5 steps for setting financial goals and some examples
Setting financial goals provides a framework for determining what is important to you financially and what you have to do to achieve these big milestones. It provides much-needed structure to your monthly income, leaving you feeling more in control of your spending and putting you on a path towards financial freedom.
1. Clear objectives that are realistic
The first step in setting financial goals is to answer the question – how do you define success? Setting clear objectives on what you are trying to achieve and how you will define your success will help you work backwards from your end goal. Once your objectives are clear you can put a monetary value to them within a time frame. The important thing to remember here is that you should list each and every one of your financial goals, no matter how small.
Whilst it’s good to be optimistic in setting goals, making them too difficult will affect your chances of reaching them, it can stunt your motivation and dint your confidence. Making your goals realistic will help you stay on course and keep you driven throughout your journey.
2. Think ‘SMART’
SMART is an acronym which guides your criteria in setting objectives:
Say one of your financial goals is saving for your pension, applying the SMART method to this goal is easy. First set a specific goal which in this instance might be saving ‘£X in my pension’, making this measurable means measuring your success. Make this goal achievable by making the amount you save doable within your current income, don’t stretch your money too far otherwise you might find yourself coming up short each money. Making this goal realistic and time-bound means taking the time to establish a realistic timeline in which you can reach your end goal.
3. Short term VS long term
The approach towards achieving every financial goal will not be the same, it’s important to split them into short term and long term goals.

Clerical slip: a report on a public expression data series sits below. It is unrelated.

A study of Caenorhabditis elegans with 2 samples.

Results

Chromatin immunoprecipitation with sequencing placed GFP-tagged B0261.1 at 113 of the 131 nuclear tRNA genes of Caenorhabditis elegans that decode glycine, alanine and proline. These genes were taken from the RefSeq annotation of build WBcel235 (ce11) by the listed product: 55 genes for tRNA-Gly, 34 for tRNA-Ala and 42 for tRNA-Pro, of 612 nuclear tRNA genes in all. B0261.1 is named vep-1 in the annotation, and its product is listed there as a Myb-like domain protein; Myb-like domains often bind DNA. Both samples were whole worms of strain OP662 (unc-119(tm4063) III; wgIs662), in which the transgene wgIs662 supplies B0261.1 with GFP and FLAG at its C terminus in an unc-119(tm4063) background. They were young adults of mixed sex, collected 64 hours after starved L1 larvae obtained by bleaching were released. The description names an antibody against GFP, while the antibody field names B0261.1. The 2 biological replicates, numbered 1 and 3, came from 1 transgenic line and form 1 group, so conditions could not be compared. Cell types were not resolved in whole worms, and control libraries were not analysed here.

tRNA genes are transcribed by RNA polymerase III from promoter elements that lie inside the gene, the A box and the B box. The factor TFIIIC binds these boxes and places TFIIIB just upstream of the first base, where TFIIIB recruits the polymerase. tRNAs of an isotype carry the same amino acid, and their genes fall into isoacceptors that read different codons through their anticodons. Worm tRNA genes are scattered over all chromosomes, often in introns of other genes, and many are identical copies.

As a general rule of thumb, any goal which is due in the next 3 years is a short term goal, any longer than 3 years they are long term goals. So, the act of boosting your pension savings, as mentioned previously, will more than likely be more than 3 years away. But saving for a big holiday or some home renovation that you want to do in the next 3 years will be a short term goal.
4. Rethink your budget
Once you’ve done the basics for your financial goals the next step is thinking about your spending budget. With your new financial goals, you might need to allocate more of your income towards saving and less to spend. Things to think about here include how much you need to meet your monthly living expenses? How much is left over after your monthly costs to fund your financial goals?
5. Make yourself accountable
Accountability is important in financial goal setting, to help your momentum but also to keep track of your progress. A great way to keep yourself accountable is by writing your goals down and pinning them somewhere you will see them every day. Whether that’s on your phone or pinning a physical list to your fridge or your mirror, keeping yourself accountable is key.
Once you’ve written them down you can’t just forget about them, it’s important to revisit your goals regularly to check in with your progress and to see if you need to make any changes. By doing this you will be able to scale your spending and saving as your situation requires, providing a flexible way for hitting your financial goals.
Examples of financial goals
Paying off credit card debt
Reducing credit card fees is a top financial goal. The interest on credit cards means the amount you have to pay back can increase exponentially and if you aren’t on top of your repayments this can affect your overall finances and financial goals.
Building an emergency fund
Having an emergency fund comes in handy when any unexpected costs come up. It’s best to save up for 3 months of living expenses including rent, food and travel. Therefore if you lose your job you are able to live for 3 months without any regular income.
Saving for retirement
When it comes to saving for your retirement, the earlier you can start the better. Contributing as much as you can as early on means you will have a better retirement pot later on in life.